Derailment of Express Train at Timaru. — Due to Outside Interference. — Recognition of Railway's Good Work

page 42

Derailment of Express Train at Timaru.
Due to Outside Interference.
Recognition of Railway's Good Work.

Through the criminal folly of a trespasser, an express train on the South Island Main Trunk line was derailed on 4th June when approaching Timaru.

The evidence showed the derailment to have been caused by stones placed on the rails. Fortunately, although the engine was overturned and the following cars zig-zagged about in an amazing manner, there were no lives lost, and very little personal injury to either passengers or train crew.

The press join in a tribute to the way the difficulty was met by the staff from the moment the big Ab locomotive mounted the rails until everything was cleared up and ordinary working resumed.

The Timaru “Post” comments as follows:—

Although accidents such as that of Saturday are fortunately rare in the South Island, the emergency did not find the railway staff unprepared. As soon as it was seen that a crisis had occurred, the position was taken in hand in a thoroughly practical manner, and but few moments had elapsed till effective steps had been taken for the continuation of all the services. But the first care of the officials was the safety of the passengers. At first it was naturally surmised that such an occurrence could not take place without the usual lamentable list of casualties, and almost before the wrecked train came to a standstill, a thoughtful officer of the Department communicated with the Ambulance Brigade and the doctors, with the result that it was not many minutes till their services were at the disposal of the Department. Fortunately, there was no need for their services; but the fact that such a valuable precaution was taken in case of casualties should be chronicled to show how thoroughly were the provisions made.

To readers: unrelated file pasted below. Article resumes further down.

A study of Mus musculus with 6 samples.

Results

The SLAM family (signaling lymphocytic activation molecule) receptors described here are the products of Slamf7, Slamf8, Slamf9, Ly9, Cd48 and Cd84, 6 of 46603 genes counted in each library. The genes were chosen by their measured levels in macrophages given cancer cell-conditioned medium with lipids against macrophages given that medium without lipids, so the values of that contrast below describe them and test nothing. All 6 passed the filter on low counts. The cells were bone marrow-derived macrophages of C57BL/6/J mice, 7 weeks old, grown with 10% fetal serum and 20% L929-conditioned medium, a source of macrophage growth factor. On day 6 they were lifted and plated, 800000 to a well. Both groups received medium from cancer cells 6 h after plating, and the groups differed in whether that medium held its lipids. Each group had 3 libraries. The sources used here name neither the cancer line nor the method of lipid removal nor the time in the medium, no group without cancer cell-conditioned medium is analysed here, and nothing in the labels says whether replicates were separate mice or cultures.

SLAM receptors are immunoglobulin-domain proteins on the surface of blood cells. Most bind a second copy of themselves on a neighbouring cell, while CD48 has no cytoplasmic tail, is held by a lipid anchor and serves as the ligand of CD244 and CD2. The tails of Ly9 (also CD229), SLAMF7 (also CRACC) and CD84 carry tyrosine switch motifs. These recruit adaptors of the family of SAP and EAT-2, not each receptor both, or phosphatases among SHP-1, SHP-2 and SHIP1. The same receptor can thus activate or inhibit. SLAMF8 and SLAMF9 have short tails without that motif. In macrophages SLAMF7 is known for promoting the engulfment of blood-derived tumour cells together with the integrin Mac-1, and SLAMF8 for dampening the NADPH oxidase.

That done, the Fire Brigade was summoned in case of fire breaking out, a contingency which is always necessary to guard against in the case of railway accidents, since the history of such tragedies are sometimes greatly accentuated through outbreaks of fire. Here, again, it was fortunate that the services of the Brigade were not needed. Another precaution taken almost at the moment of the derailment was to prevent the possibility of the boiler of the overturned engine bursting, steps being taken with the greatest promptitude to permit of the release of steam.

Restoring the Service.

Few of the general public, perhaps, fully realise what such an occurrence as that of Saturday means to those in control of the service-how many things have to be attended to before the service is again put into running order. Any railway accident has a decidedly unsetting tendency, but it can easily be understood that one which results in blocking the through line has consequences far more serious than the ordinary mishap. It was, of course, necessary to get into touch with headquarters without delay, an S. O. S. was sent out for assistance to clear the line; and north and south responded with alacrity. The accident resulted in hundreds of south-bounds passengers being momentarily marooned in Timaru, and the first care of the stationmaster, Mr. A. E. Firman, as soon as he was satisfied that all were safe, was to make provision for the continuation of their journey. With the greatest promptitude, he summoned all his resources, and a train was got in readiness with such facility that a few minutes after 1 o'clock the passengers were able to continue their journey south-a very fine piece of work indeed.

The Timaru “Herald” sums up the position in the following paragraph:—

Having seen the expeditious way in which the Railway Department handled the big and unusual job of making good the damage caused by Saturday's train disaster here, no one is likely to associate inefficiecy with it. The operations were all well directed and most capably carried out, with the result that the public will suffer the minimum inconvenience, and the train services will be running smoothly again in the shortest possible time.